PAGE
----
October 30, 2018
 
 

China’s army has sponsored more than 2,500 military scientists and engineers to study abroad since 2007, according to a new report on Chinese military collaborations with foreign universities published by an Australian think tank titled "Picking Flowers, Making Honey."

The report from the Australian Strategic Policy Institutes says that visiting scientists from the People’s Liberation Army work in high-tech fields such as quantum physics, signal processing, cryptography, navigation technology and autonomous vehicles. Some travel abroad to complete their entire doctorates overseas, while others travel for shorter stints as visiting scholars. Many come from Chinese military academies.

The report finds that the number of peer-reviewed publications coauthored by PLA and overseas scholars has increased steadily since 2008. The top destination for Chinese military scientists going abroad appears to be the United States, followed by the United Kingdom, Canada, Australia and Germany.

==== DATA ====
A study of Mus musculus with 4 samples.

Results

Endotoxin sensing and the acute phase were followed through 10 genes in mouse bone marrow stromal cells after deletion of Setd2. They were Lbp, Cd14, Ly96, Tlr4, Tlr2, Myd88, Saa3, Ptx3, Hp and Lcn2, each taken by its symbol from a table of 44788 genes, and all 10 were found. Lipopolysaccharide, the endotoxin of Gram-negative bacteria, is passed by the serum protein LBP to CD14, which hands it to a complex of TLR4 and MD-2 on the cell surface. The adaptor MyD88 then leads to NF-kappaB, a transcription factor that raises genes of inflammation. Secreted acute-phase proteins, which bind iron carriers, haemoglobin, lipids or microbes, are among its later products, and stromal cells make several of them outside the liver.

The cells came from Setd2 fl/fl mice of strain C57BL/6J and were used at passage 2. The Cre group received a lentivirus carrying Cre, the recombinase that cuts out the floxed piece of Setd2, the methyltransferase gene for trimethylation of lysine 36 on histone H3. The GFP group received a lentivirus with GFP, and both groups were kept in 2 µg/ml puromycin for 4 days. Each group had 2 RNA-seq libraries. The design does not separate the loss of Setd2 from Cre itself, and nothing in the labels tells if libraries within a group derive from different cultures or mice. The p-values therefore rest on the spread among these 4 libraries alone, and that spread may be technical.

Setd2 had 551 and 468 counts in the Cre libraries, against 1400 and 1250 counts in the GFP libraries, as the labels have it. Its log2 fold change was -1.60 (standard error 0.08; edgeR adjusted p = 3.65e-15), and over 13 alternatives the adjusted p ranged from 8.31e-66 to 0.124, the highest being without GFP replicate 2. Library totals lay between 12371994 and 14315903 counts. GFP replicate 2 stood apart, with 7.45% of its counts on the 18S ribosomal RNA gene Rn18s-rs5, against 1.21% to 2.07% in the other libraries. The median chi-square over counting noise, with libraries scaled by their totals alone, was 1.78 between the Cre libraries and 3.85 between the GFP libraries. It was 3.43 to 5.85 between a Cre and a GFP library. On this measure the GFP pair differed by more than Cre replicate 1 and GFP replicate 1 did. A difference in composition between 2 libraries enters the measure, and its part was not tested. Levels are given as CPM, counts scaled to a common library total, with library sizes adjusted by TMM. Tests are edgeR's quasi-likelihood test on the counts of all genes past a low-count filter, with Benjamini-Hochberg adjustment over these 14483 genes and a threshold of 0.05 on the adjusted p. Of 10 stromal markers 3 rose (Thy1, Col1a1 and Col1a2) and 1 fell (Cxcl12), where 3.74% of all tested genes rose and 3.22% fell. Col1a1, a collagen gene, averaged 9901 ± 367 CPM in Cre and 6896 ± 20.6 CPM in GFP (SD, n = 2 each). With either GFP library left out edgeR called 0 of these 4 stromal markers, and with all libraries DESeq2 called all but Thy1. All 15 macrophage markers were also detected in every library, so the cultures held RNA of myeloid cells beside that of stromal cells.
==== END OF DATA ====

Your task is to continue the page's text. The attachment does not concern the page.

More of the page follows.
While it seems that the majority of visiting PLA scholars are open about their military affiliations, the report identifies two dozen cases of scientists traveling under cover.

The report includes recommendations for both universities and governments and argues that current policies do not adequately address issues raised by collaborations with the PLA.

“While foreign universities’ ties with the PLA have grown, it isn’t clear that universities have developed an understanding of the PLA and how their collaboration with it differs from familiar forms of scientific collaboration,” says the report, which was authored by Alex Joske. “To date, there’s been no significant public discussion on why universities should be directly contributing to the technology of a non-allied military. Importantly, there’s also little evidence that universities are making any meaningful distinction between collaboration with the Chinese military and the rest of their collaboration with China.”